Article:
2.8.08

THE CASE FOR A RAIL PASS.

The O Scale Convention in Worcester referred attendees to several hotels within walking distance of the show hall and of Union Station (provided one was not too burdened with purchases or kit). The Union Station reference is both historic (Boston and Maine, Boston and Albany, and New Haven) and accurate today (the one overworked Amtrak train, and a few MBTA commuter trains). A rail pass good on Amtrak and on the commuter rail systems would offer travelers additional convenience. The idea sounds administratively unwieldy where revenue division is concerned. There still are British rail passes, although with that country's idiosyncratic methods of checking tickets, the operating companies probably make educated guesses of their shares in the revenue (consider my peregrinations in the West Country last year). That the British passes are still on offer suggests it's doable, and less complicated connections between Amtrak and the various commuter train operators enhances the value of the network. Consider Arlington Park or the historic trolleys of Kenosha or the Hamptons or Cape May, all accessible by rail but none of them on Amtrak. So, too, with some Boston area destinations. During the convention, there were a few modellers exploring the system, although the main business is work trips or perhaps a Red Sox game. Selected Worcester line trains call at Yawkey, the Fenway Park station (and a logical candidate for naming rights: the Miller-Coors Station at Fenway).


Trains of the Boston and Albany and New Haven lines call at South Station. I suppose, as is the case in London and Chicago, interconnectivity of suburban lines to permit cross-regional trips is relatively unimportant in the greater scheme of getting the regular riders to work on time. As is not the case in London and Chicago, track assignments are improvised each day with tracks posted for boarding only shortly before departure.


There are regional differences in railroading vocabulary, too. Nobody on the Boston commuter rail system understood "stopover." (They are available on Metra, ask the agent and inform the conductor, and I have some old Boston and Maine timetables that indicated stopovers were available on some classes of tickets). To do some work in Salem and Beverly and then return directly to Boston involves purchasing a separate ticket for each leg of the trip.


This tunnel runs under Salem's Washington Street. It's a made-to-order scene divider for a model railroad. The other end of the tunnel used to lead into a reservation in the middle of Washington Street and thence into a station built in the style of a Norman fortress that straddled the tracks. That end is changed utterly, but I have photographs and plans to work from.


At Beverly, the station remains in use, as a mid- to up-scale restaurant with a penchant for Cajun cooking and extensive wine and beer offerings.

Two suburban lines divide at Beverly. One continues north to Newburyport, and if Massachusetts and New Hampshire can come to some kind of agreement, there might again be passenger trains to Portsmouth. The schedules are set up to provide more frequent service Bostonside of Beverly, without the foolishness of a cluster of trains in fifteen minutes followed by nearly an hour of dead time that reduces the value of the Metra Electric. There's no conscious effort to provide in-to-out connections at Beverly, something that might benefit travelers. The North Atlantic Ocean precludes a Gloucester to Ipswich shortcut on the roads.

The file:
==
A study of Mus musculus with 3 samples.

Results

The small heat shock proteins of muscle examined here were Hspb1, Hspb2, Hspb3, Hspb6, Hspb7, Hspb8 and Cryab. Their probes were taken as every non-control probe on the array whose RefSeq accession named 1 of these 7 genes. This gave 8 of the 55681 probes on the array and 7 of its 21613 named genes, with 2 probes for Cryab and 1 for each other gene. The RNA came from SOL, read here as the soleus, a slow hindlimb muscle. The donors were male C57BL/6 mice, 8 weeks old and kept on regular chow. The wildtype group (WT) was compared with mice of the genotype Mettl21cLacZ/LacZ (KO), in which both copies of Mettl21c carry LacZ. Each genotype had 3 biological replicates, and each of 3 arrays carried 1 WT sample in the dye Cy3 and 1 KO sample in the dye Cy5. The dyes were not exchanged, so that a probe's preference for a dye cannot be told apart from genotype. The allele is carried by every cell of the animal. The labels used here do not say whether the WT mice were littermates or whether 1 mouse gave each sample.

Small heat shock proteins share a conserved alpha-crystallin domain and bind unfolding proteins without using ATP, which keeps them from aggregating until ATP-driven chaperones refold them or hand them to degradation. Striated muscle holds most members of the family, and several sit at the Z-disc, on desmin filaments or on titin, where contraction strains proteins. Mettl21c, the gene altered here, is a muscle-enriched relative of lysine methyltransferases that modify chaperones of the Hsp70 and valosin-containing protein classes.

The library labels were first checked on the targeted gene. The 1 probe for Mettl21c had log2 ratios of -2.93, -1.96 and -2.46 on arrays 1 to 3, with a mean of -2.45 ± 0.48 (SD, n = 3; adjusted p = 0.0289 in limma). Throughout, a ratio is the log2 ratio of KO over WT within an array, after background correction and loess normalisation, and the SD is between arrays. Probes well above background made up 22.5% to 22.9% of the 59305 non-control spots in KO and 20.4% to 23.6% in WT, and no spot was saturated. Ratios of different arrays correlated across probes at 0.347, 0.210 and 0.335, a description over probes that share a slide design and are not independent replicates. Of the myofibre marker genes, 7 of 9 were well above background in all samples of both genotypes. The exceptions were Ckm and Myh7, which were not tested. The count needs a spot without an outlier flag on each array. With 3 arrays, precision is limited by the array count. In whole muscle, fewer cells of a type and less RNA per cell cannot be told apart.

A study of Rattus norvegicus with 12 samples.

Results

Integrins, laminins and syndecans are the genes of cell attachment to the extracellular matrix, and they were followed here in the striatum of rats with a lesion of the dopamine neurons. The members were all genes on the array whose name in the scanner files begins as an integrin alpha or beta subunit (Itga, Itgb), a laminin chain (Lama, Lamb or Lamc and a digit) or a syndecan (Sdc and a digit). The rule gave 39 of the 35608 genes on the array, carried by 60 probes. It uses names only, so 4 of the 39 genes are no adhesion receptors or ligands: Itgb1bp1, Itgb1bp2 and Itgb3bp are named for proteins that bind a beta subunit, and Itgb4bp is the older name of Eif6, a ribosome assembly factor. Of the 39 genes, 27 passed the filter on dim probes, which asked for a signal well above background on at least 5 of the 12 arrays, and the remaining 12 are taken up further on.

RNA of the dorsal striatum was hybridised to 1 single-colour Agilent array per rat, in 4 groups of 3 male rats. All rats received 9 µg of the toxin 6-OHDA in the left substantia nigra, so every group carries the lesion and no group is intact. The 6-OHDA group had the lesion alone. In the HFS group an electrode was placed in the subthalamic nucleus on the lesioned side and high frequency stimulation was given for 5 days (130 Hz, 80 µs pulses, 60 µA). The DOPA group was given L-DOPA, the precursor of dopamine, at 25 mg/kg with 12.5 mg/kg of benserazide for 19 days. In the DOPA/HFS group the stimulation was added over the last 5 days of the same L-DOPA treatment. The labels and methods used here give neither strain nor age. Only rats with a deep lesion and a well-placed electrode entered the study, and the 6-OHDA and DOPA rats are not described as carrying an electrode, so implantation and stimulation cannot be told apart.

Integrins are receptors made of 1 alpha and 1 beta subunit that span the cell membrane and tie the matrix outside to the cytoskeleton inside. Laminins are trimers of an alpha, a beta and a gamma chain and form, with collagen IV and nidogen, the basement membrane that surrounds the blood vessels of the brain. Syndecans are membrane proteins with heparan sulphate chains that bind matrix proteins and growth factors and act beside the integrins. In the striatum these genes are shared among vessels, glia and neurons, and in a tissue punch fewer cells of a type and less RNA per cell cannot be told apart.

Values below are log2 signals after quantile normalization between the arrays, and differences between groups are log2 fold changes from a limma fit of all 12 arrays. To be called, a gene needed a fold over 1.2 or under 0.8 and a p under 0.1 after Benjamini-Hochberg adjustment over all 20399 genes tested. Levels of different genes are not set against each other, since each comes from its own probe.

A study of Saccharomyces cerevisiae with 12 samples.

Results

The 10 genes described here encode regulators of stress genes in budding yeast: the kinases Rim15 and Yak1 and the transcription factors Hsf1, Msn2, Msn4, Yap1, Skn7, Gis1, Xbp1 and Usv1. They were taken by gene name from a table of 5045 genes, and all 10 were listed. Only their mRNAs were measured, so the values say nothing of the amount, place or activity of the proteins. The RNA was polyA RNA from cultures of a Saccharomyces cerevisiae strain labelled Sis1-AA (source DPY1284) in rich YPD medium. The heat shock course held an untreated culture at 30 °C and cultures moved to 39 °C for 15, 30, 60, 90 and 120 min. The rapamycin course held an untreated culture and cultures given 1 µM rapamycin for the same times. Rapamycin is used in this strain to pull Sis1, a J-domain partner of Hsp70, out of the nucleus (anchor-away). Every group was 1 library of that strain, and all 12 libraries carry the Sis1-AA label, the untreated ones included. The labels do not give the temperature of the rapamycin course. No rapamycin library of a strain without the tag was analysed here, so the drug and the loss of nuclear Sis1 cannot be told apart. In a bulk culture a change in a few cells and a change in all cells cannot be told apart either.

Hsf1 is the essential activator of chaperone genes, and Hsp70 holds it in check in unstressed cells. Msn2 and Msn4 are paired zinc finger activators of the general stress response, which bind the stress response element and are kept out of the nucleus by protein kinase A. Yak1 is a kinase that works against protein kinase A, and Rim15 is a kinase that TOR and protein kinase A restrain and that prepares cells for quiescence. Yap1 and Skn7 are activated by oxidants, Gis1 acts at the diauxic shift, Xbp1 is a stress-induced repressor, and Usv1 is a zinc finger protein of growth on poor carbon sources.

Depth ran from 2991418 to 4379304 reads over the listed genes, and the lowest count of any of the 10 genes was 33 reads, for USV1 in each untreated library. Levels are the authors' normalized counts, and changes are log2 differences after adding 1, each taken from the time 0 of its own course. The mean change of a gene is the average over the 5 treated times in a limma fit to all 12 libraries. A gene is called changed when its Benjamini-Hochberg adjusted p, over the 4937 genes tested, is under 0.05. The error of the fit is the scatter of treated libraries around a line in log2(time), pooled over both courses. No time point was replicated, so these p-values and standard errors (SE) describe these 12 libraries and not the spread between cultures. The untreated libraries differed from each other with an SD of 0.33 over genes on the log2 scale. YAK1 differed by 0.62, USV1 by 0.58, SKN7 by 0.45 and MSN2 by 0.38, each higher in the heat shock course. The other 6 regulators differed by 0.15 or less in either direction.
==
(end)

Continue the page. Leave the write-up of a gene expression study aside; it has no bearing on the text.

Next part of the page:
The Rockport line, which is more properly called the Gloucester Branch, is eminently modelable as it permits a modeler to build the end of the line into a corner and leave all the staging facilities in plain sight.

This Boston and Maine freight house, along with a funky pillar crane, avoided the attention of Patrick McGinniss's asset strippers, and both will be preserved (if perhaps relocated) in a pending upgrade of the station facilities for commuter rail. And sometimes the choice of exterior colors for a house is easy.


If one is going to build the end-of-the-line facilities into a corner alongside a wall, it's convenient to have a prototype wall to use as background. Rockport's Evans Field is home to Rockport's entry in the Intertown Twilight League and to a Little League program. I may take some modellers license and move that grandstand from the first-base to the third-base line, along the tracks (and, of course, have some spectators looking away from the ball game and at the trains!) Dang, an ETTS moment! I just thought about the view of the Milwaukee Road from the upper-deck, first-base side at County Stadium. Miller Park offers no such views.


The end-of-line destinations (until the early 1950s, there was a Friday-out, Sunday-in sleeping car from New York set out by the State of Maine Express and hauled the long way around from Lowell Junction; in the model railroad world this evolution will be much simpler) are a short walk from the station.


Perhaps we're looking at some future America's Cup or Olympic sailors using the Sandy Bay Yacht Club's Optis. (Their chances will be better if they come to the Lake District of southern Wisconsin and mess about with scows.)

That's play, there's also work. Did Patrick McGinnis inspire the painting of these lobster trap markers?


There's also a retail source of lobsters: buy 'em live and take 'em home, or this store will cook one and crack the shell and let you eat it out back and watch the tide go in.


There were more than a few shore birds making their day trips to Rockport on the trains. It is no accident that the Rockport entry in the Intertown Twilight League is the Townies. There's also a Topsfield Tories. No Danvers Witch-hunters, apparently.